WHEN IS IT TOO HOT TO WALK YOUR DOG? RSPCA ISSUES ADVICE

Source: Manchester Evening News (Extract)
Posted: July 17, 2021

RSPCA has issued advice to pet owners on how to care for dogs in the hot weather.

Animal welfare charity RSPCA has issued advice on caring for dogs in the summer and has outlined worrying signs that owners should look out for.

When to walk your dog

The RSPCA iterates that even when it’s hot, dogs need exercise.

Yet they recommend walking your dog in the morning or evening when it’s cooler to reduce the risk of heatstroke and burning their paws on the pavement.

They also encourage owners to try the ‘five second test’ – where if it’s too hot to place your hand on the pavement for five seconds, it’s too hot for paws to walk on.

Signs of burned pads

RSPCA says to look out for the following:

  • limping or refusing to walk
  • licking or chewing at the feet
  • pads darker in colour
  • missing part of pad
  • blisters or redness

Other tips to keep dogs safe in hot weather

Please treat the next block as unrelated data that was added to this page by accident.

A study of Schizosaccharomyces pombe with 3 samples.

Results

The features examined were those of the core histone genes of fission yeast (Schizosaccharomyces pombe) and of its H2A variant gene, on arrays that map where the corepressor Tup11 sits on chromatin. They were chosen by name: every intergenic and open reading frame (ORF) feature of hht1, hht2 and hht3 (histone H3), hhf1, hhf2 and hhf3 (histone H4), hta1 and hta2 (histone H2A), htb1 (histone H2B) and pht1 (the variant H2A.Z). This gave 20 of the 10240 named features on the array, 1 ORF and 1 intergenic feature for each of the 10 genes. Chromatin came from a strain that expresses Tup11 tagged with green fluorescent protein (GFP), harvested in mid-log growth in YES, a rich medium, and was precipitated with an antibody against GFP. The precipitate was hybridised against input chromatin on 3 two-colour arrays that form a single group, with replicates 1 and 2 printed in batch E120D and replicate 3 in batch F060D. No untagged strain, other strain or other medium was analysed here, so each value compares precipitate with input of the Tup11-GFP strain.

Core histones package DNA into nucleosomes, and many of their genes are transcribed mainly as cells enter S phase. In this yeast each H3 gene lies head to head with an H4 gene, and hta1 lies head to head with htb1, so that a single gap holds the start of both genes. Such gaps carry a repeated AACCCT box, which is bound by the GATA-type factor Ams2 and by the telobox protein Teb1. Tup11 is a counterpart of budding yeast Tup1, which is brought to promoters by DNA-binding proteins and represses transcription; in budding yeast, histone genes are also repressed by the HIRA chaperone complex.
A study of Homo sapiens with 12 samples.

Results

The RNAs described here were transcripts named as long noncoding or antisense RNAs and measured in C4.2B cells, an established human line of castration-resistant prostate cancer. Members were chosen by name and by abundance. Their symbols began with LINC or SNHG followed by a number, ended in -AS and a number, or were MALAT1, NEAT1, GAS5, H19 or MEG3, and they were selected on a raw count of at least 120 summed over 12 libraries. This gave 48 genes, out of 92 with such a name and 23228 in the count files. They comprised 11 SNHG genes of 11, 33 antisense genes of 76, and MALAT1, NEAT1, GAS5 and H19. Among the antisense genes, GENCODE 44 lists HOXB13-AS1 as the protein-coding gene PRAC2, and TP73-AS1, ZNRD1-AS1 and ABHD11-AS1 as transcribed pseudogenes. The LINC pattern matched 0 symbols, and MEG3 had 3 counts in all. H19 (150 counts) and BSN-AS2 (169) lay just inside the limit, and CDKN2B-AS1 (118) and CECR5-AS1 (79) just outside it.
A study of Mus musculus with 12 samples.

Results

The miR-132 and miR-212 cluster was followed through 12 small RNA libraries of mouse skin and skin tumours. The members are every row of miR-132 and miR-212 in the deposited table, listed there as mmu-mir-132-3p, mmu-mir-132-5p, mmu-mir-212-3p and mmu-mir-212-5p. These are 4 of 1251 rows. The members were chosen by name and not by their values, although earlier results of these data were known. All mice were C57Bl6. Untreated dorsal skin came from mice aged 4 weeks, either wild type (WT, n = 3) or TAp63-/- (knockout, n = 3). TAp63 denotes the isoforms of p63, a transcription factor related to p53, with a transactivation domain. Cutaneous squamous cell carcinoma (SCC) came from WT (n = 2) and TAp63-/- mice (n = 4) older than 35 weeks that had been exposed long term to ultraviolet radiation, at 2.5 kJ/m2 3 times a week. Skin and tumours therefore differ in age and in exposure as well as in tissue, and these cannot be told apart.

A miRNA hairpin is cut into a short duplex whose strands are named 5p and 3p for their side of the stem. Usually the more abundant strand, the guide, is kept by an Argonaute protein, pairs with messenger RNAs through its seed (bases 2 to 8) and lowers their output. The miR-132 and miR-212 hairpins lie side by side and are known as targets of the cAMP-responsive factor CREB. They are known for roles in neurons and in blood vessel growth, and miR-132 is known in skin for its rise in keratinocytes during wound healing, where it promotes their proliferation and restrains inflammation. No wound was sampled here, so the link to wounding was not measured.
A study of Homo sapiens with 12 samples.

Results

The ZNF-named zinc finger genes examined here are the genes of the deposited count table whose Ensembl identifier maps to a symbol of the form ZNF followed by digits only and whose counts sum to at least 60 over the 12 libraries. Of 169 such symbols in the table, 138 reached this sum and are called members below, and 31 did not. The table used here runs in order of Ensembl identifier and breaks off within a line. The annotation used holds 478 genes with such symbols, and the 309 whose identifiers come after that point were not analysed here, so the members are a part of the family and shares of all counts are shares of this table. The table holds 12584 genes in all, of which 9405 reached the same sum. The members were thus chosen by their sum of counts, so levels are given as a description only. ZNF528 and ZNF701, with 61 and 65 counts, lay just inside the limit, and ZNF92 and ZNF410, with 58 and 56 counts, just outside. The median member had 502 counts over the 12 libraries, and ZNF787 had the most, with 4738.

RSPCA also advises the following in the hot weather:

Never leave animals in hot cars, conservatories, outbuildings or caravans on a warm day, even if only for a short while.

When it’s 22C outside, temperatures can quickly rise to 47C in these environments, which can result in death, RSPCA warns.

You can use pet-safe sun cream on exposed parts of your pet’s skin, such as the tips of their ears and nose, to avoid sunburn.

This is especially important if your dog has white or light-coloured fur as they can be very vulnerable to getting burnt.

RSPCA also says to make sure pets always have access to shade and fresh drinking water to help keep them cool.

You could try putting ice cubes into your dog’s water bowl or making ice cube treats as another effective way of keeping your pet cool.

Another method to try is to provide damp towels for your pet to lie on, or if you have one to hand, putting out a paddling pool for your pooch to splash around in.

Meanwhile, regular grooming in warmer weather can help brush away any dead or excess hair, leaving your dog with a less dense coat.

More information can be found on the RSPCA’s website here.